Why do parents WANT to co-parent after divorce? In most cases they don’t… but they don’t have a choice!
The truth is that many would prefer not, but that’s not realistic. When parents separate or divorce, usually both parents want to care for their children. Both parents are typically aware that it is preferable for their kids to have both of their parents. The research on divorce tells us that kids of divorce do better when they have real relationships with both parents, (and they don’t have a lot of conflict…. but I’ll get to that). This is a major decision every divorcing couple must face. When parents were both very involved with their children prior to separation, it is usually an easy decision to co-parent. When they haven’t been, it’s generally more difficult.
Co-parenting can mean any sharing of the children from 30/70 to 50/50. The kind of parenting plan that parents develop usually takes in consideration the age of the children and the relationships they have with both of their parents. It is also important to consider the parent’s work schedules and needs so they are available when the children need them. I often hear from moms who have been the primary care givers, that they do not want to share their children. From the dads, I hear that they feel it is their right to have the children half the time. Increasingly, judges are awarding joint custody to parents, changing the priority of a mother’s right to sole custody and entertaining father’s rights in an equal manner. Many women are opposed to this, particularly with young children to whom they are very attached. There is no question that it is very hard to not be with your children for half of the time. It is also very hard for children to not see their other parent. And most important, it is very difficult for children to go through divorce.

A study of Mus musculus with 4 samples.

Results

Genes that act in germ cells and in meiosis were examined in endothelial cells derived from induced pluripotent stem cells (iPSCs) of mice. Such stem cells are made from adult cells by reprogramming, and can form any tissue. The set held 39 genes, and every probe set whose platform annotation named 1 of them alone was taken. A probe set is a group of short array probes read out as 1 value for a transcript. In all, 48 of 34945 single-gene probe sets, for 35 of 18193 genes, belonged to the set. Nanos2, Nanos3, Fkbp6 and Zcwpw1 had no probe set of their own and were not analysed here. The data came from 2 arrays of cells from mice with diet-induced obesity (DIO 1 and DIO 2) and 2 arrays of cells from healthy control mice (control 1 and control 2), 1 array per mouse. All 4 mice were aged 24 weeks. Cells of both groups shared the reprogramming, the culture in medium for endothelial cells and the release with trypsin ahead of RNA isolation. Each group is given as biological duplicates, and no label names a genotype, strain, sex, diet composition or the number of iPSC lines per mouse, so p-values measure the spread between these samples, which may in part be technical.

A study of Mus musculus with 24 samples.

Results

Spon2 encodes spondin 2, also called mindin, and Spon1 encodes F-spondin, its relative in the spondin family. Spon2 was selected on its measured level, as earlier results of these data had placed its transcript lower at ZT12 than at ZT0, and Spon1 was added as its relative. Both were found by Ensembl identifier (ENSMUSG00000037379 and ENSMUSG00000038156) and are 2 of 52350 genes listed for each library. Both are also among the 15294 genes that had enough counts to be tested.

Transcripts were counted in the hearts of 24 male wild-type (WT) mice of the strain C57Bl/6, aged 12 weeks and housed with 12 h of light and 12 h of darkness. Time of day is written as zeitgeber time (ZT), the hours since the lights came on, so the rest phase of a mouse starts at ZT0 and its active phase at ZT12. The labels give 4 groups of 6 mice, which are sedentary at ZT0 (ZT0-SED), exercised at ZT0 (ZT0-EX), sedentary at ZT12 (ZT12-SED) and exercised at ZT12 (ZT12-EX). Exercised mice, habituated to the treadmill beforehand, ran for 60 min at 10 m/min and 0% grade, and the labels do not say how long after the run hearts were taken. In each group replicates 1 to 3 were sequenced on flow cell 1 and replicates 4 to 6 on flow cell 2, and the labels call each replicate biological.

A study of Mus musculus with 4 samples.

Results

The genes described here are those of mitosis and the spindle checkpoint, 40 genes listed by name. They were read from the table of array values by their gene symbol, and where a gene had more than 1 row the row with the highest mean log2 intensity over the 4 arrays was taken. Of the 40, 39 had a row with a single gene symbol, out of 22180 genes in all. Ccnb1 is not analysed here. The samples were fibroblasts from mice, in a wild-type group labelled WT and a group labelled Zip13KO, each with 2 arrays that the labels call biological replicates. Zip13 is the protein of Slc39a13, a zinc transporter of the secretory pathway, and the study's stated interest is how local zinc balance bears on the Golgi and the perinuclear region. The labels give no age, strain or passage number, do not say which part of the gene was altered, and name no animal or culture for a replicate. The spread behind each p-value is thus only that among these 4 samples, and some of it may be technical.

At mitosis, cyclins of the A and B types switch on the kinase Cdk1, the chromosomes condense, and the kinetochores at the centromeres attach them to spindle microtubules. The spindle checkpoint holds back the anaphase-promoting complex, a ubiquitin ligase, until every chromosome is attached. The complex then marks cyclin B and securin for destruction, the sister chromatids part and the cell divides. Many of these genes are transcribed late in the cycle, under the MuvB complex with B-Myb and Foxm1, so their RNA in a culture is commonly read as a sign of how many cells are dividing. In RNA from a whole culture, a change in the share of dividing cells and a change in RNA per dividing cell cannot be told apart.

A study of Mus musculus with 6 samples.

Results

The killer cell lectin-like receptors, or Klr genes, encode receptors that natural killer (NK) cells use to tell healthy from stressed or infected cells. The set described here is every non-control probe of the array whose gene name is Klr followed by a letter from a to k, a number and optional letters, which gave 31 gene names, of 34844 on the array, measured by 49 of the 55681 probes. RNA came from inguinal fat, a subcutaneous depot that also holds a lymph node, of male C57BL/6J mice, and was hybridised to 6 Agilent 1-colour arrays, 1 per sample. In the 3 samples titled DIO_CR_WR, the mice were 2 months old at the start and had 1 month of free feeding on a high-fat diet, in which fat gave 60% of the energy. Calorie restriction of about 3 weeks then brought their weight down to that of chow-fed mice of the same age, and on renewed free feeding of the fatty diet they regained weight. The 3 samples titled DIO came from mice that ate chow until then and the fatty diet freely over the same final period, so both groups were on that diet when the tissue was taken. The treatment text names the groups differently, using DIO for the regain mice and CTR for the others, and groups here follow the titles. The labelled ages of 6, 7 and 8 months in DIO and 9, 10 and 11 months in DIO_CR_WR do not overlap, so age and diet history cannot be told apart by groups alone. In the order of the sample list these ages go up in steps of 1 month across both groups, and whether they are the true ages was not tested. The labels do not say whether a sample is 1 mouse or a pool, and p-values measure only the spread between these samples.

So, what is of primary importance is to help the children adjust in the best way possible, and usually that means some form of joint custody and co-parenting. If there is major conflict between the parents, rather than joint custody, couples sometimes agree to “spheres of influence”. What that means is that each parent has decision-making power over specific areas, i.e. one parent has medical and the other has education. When parents cannot agree easily and fear they will not be able to reach a joint decision, sometimes this is a better solution.
The spouse who initiates the separation is relevant in the feelings about joint custody. What I see in my work is that the person who wants to leave the marital relationship is usually more open to sharing the children than the person who would have rather stayed married. The loss of marriage is great, and the loss of children is greater! The emotional issues impact the decisions that are made. What is most important, however, is how the children feel and what is best for them. I urge parents to consider the children’s best interests.
When parents do not get along when they are married, how are they supposed to get along as co-parents when they are separated? I’m often asked that question. The answer is not simple. While it is true that the relationship is fractured and difficult, it also becomes easier to co-parent after the divorce settlement happens and each person settles into their own new lives. The expectations from each other change and there are clearer rules of how to behave with one another. This can make parenting easier. If both parents really put their children front and center and work to help them have a good life, it can usually work. If the parents need help in getting there, it is advisable to enlist a parent coordinator to assist them and iron out their issues.